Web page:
Whether you’re excited about the idea of field trips or not, they really do provide our children with uniquely wonderful learning opportunities. That’s why we’ve made a habit for years to take at least one field trip a month.
It’s much easier than you think to plan monthly field trips – and the end result is very rewarding!
Why Take Monthly Field Trips
With the habit of taking at least one field trip every month (often more), I bet our family has visited well over 100 places. That’s a lot of experiential learning!
Not only do my children get hands-on, eyes-on, real-life learning during field trips, they’re often taught by professionals who know much more than me about the topics at hand. It’s definitely worth our time and effort (and money) for such powerful learning outside of the textbook.
History comes alive as you watch a reenactment or take a walking tour through a fort. Science ideas are cemented as you build and launch rockets at the science center. New observations are made in nature during an interpretive walk on the trails of the nature center. Theater, ballet, and classical music are truly appreciated as you enjoy various performances at the local opera house. Local history and culture are understood in a completely new light as you visit the cemetery for a scavenger hunt.
Field trips have been so much more than supplementation to our regularly scheduled lessons – they have been incredibly powerful modes of learning.
How To Plan Monthly Field Trips
There really is no right way to plan monthly field trips, but I’d like to share some possible scenarios to inspire you to in your own planning.
Off the Cuff
At the beginning of each month, scour your state’s tourism calendar and choose something of nearby interest. You’ll likely find things like interesting festivals and interpretive history events. If the tourism calendar doesn’t provide great options, check the specific schedules of museums, theaters, zoos, and other nearby destinations that tend to offer special classes and events.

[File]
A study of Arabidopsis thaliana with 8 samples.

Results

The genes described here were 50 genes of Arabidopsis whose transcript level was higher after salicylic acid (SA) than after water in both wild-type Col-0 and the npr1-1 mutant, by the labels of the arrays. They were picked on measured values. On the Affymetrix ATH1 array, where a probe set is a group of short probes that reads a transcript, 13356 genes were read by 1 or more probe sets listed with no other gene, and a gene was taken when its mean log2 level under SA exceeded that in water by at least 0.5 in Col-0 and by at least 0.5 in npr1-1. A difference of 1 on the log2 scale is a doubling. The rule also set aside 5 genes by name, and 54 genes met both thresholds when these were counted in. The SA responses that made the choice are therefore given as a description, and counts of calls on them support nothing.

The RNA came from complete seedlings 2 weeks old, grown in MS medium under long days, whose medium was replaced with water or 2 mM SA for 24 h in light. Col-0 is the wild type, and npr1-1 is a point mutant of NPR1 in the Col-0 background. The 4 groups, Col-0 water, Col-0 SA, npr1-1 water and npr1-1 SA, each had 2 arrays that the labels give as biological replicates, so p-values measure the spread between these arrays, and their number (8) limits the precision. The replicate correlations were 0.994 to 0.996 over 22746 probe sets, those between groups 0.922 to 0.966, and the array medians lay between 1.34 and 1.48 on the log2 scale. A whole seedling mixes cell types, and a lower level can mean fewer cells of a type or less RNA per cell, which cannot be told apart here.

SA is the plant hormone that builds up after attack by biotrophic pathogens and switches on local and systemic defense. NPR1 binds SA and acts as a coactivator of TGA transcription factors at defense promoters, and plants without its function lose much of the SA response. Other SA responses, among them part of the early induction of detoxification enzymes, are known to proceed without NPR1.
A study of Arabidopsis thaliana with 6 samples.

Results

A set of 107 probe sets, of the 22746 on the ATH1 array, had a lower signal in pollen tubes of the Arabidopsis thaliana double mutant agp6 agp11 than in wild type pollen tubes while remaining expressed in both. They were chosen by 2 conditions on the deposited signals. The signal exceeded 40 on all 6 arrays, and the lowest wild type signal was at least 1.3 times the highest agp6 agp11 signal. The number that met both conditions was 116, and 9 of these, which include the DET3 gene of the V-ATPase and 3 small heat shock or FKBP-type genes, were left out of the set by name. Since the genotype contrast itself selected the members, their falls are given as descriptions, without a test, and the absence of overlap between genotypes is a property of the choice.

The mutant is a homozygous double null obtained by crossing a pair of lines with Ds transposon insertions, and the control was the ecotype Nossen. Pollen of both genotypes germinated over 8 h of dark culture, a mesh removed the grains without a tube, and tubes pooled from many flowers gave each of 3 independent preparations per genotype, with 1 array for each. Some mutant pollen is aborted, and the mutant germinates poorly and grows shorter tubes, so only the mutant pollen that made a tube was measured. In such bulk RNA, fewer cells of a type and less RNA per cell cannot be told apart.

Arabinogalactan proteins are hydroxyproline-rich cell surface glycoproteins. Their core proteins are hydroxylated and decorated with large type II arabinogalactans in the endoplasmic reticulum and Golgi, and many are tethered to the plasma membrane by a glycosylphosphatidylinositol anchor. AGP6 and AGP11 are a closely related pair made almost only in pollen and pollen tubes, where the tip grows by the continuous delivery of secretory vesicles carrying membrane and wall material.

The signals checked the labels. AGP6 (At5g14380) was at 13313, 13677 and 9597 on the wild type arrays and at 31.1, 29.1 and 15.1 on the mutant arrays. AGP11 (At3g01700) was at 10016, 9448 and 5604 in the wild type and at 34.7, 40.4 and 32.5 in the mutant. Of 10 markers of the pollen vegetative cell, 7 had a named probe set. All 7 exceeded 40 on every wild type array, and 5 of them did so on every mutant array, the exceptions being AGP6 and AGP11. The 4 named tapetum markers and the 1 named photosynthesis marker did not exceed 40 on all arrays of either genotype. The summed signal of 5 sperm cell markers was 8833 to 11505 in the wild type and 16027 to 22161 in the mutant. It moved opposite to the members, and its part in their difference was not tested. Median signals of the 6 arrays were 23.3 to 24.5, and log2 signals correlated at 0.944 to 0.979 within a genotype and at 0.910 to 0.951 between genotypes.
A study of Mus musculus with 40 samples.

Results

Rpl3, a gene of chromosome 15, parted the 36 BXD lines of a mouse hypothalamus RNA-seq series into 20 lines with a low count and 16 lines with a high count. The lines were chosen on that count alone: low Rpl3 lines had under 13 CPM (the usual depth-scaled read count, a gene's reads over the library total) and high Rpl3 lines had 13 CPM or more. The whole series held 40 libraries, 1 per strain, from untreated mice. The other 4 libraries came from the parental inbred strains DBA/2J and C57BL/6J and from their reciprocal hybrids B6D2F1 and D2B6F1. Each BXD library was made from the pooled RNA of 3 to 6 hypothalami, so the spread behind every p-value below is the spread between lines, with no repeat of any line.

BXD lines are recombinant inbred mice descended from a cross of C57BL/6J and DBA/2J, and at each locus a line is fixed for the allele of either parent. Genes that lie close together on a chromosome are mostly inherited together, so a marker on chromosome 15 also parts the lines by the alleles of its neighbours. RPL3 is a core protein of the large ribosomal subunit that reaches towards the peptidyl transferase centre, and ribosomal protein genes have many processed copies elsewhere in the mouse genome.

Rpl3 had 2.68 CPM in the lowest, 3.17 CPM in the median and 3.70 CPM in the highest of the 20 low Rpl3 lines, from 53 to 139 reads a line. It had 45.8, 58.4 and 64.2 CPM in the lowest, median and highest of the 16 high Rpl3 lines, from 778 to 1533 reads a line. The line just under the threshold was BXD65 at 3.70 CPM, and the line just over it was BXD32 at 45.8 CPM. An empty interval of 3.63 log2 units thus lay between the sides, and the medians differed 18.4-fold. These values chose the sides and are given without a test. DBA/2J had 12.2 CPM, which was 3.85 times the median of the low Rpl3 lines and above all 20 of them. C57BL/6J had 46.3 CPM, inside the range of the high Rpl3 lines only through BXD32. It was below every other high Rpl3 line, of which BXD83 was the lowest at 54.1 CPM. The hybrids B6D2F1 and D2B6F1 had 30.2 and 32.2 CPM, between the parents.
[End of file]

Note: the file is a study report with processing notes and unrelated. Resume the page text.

If you preplan school yearly or monthly, you can plan monthly field trips to supplement the learning. For example, if you’ll be studying the Civil War at some point during a month, consider a field trip to a history museum, a battlefield, a play about the time period, or even an historical home of the time period.
You can plan monthly field trips to supplement different school subjects each time. You might focus on science in September with a trip to the water treatment plant. In October you might take a guided history walk. To focus on fine arts in November, you might see a play at the children’s theater. And in December, you might visit your state capitol to focus on government.
Sometimes it’s nice to spend an entire year’s worth of field trips focusing on one subject. For example, this year’s focus could be nature study and each month’s destination could allow for a new nature experience. During months when the weather is nice, you could visit the zoo, an arboretum, a nature preserve, a farm, an orchard, or nearby walking trails. In the cold months, take nature-themed classes offered at local museums, watch a nature-themed IMAX movie, visit a planetarium, or take a wintery walk on at a nature preserve.
Everyone in your family could have their turn choosing a monthly field trip destination. If your children are younger, offer them a list of options. Allow older children more independence in planning. You’ll likely be pleasantly surprised at their decisions!
Have a Plan in Place
No matter where you choose to go, you’ll want to have a plan in place. That means you’ll need to set the field trip date each month – and keep it. You’ll need to know where you’re going and just a couple of details in order to be prepared – like cost and hours of operation. It’s a really great idea to call ahead to make sure you don’t need an appointment for some places, too.
When dates are preset and the details are preplanned, it’s so much easier for those fabulous field trips to really happen! I’ve created a simple yearly field trip planning page that I add to my homeschool binder. I’d love to share it with you!
Ideas To Get You Started
Guided field trips are always fabulous, but not every destination offers that option. Sometimes you have to just go and explore venues on your own. When those venues are nature related, it can be easy to just wander around without much purpose. Wandering around in nature is never wasted time, but you’ll find nature field trips to be much more productive and enjoyable with at least some sort of mission in mind.
100+ Creative Nature Walks can be your perfect companion! It’s a grab-n-go curriculum full of nature walk ideas that will work in almost any nature venue you visit. Most of the ideas require no prep at all and can be used with multiple ages at once.
I can’t wait to hear about all your awesome field trip experiences this year!
Cindy West is a veteran homeschooling momma of three. Her eclectically Charlotte Mason style includes bits and pieces of Classical education and frequent unit studies. She believes homeschooling should be a blessing to the entire family and strives to offer plenty of encouragement and creative learning ideas on her blog, Our Journey Westward. On her website you can also find the NaturExplorers series, Charlotte Mason Homeschooling in 18 Easy Lessons, and Loving Living Math among other helpful curriculum and teaching guides.